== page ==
Above: A male scarlet honeyeater forages high in the flowering trees. Photo: © Shutterstock.com/Silva Vaughan-Jones


So what does a scarlet honeyeater eat? The answer, says top Australian softbill man JOHN KEARNEY, is more complex than you might think. Continues from article in April 24 issue


THE scarlet honeyeater (Myzomela sanguinolenta) is omnivorous, feeding on insects as well as nectar. Birds usually forage in the upper canopy and rarely on the ground. They are seen foraging in pairs or small groups through flowers and foliage.

Their native diet includes insects, nectar and honeydew, and some ripened fruits are also taken. Some of the flowering trees that this species feeds on include melaleuca, eucalypts, callistemon, grevillea, native heath, hakea and mistletoe. Butterflies, ants, bugs, beetles, moths, bees and wasps are attracted to pollen and nectar produced by the aforementioned trees. These items form an invaluable food network, not only for this honeyeater but for numerous other bird species, marsupials and bats. 

Nectar is made up of water and sugars, with small amounts of other food substances. These sugars provide the energy needed for their vigorous activity, but do not provide them with protein, vitamins and fats required for the growth, repair and functioning of their tissues.

Insects and pollen provide scarlet honeyeaters with the nutrients required to maintain their active lifestyle. Their tongue is long and has a brush tip, fringed with bristles, which works like a paint brush to soak up nectar by capillary action. Some honeyeaters have been recorded licking at a rate of more than 10 per second!

A honeyeater’s alimentary tract is also adapted for nectar in an arrangement that lets liquid pass directly to the intestines but separates material that requires more digestion – such as insects caught during feeding – to be retained in a separate chamber for the stomach. We need honeyeaters in our bush and gardens since, they control insect numbers; without control, some of these insects could be detrimental to our flora. Examples of these insects are psyllid and lerp, which are insects which the scarlet and many other honeyeaters consume. Psyllid are tiny sap-sucking insects that damage plants by sucking sap from their leaves. Some immature psyllids form a protective covering of crystallised honeydew inside which they feed and shelter, and these are called lerp. In situations where psyllid attack has been particularly severe, trees may die after being weakened and then invaded by secondary insect pests. All honeyeaters feed on insects, particularly before and during breeding.

In captivity, the scarlet honeyeater feeds on a nectar mix in drinking tubes placed at different heights. On extremely hot days, the nectar mix is given morning and afternoon. The reason for this is that the mixture gets hot and starts to ferment and go “gluggy”. Lory dry food is available and is readily consumed. Livefood available for my scarlets includes termites, maggots, ferment fly, housefly, fly pupae and moths. All of these are keenly sought after by this species. The scarlets and many of the honeyeaters that I keep are eager to consume the softfood mix I make.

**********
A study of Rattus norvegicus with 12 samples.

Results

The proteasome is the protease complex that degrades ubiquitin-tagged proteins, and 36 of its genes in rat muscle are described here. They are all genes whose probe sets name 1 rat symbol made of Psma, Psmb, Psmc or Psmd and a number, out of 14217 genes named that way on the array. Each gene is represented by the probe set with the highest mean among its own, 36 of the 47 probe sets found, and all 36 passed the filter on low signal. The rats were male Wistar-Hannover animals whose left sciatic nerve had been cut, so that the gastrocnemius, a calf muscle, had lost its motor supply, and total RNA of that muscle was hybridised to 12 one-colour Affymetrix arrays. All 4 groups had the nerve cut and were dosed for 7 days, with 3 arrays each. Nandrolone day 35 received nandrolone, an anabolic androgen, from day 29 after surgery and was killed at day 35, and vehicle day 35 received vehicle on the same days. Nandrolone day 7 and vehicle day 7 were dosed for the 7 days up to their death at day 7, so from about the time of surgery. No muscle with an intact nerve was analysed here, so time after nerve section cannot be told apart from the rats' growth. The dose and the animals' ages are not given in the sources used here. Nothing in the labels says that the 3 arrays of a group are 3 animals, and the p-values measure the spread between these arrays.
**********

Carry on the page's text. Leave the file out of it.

Ripened fruits are also included in the diet, and they have a particular liking for orange. Livefood is given in trays that are raised off the ground, since this species prefers to take food at elevated locations, and in my experience rarely visits the ground. Flowering callistemon, grevillea, banksia, and eucalypt branches are provided when available, suspended in conduit tubing. Fire ash, crushed charcoal and crushed cuttle bone are also provided. I have observed this species taking all of these items, with a fondness for fire ash.

Boosting the nutrients

Over the past three years I have been doing a lot of research on the diet of honeyeaters in captivity. The research shows that most honeyeaters and hummingbirds kept in captivity were suffering from deficiencies of thiamine and, to a lesser degree, magnesium. The challenge then was to find something that contains these valuable nutrients and work them into my feeding regime. After a lot of searching, I came up with the Berocca performance tablet. This has all the nutrients that I required plus a few extra. I use one orange tablet to one nectar mix; this makes approximately 2 litres of nectar mix, which I provide once a week. I have been using this method for the past 18 months, and all of my honeyeaters are thriving and have suffered no ill effects from this technique.

– Continues and concludes in the May 22 issue.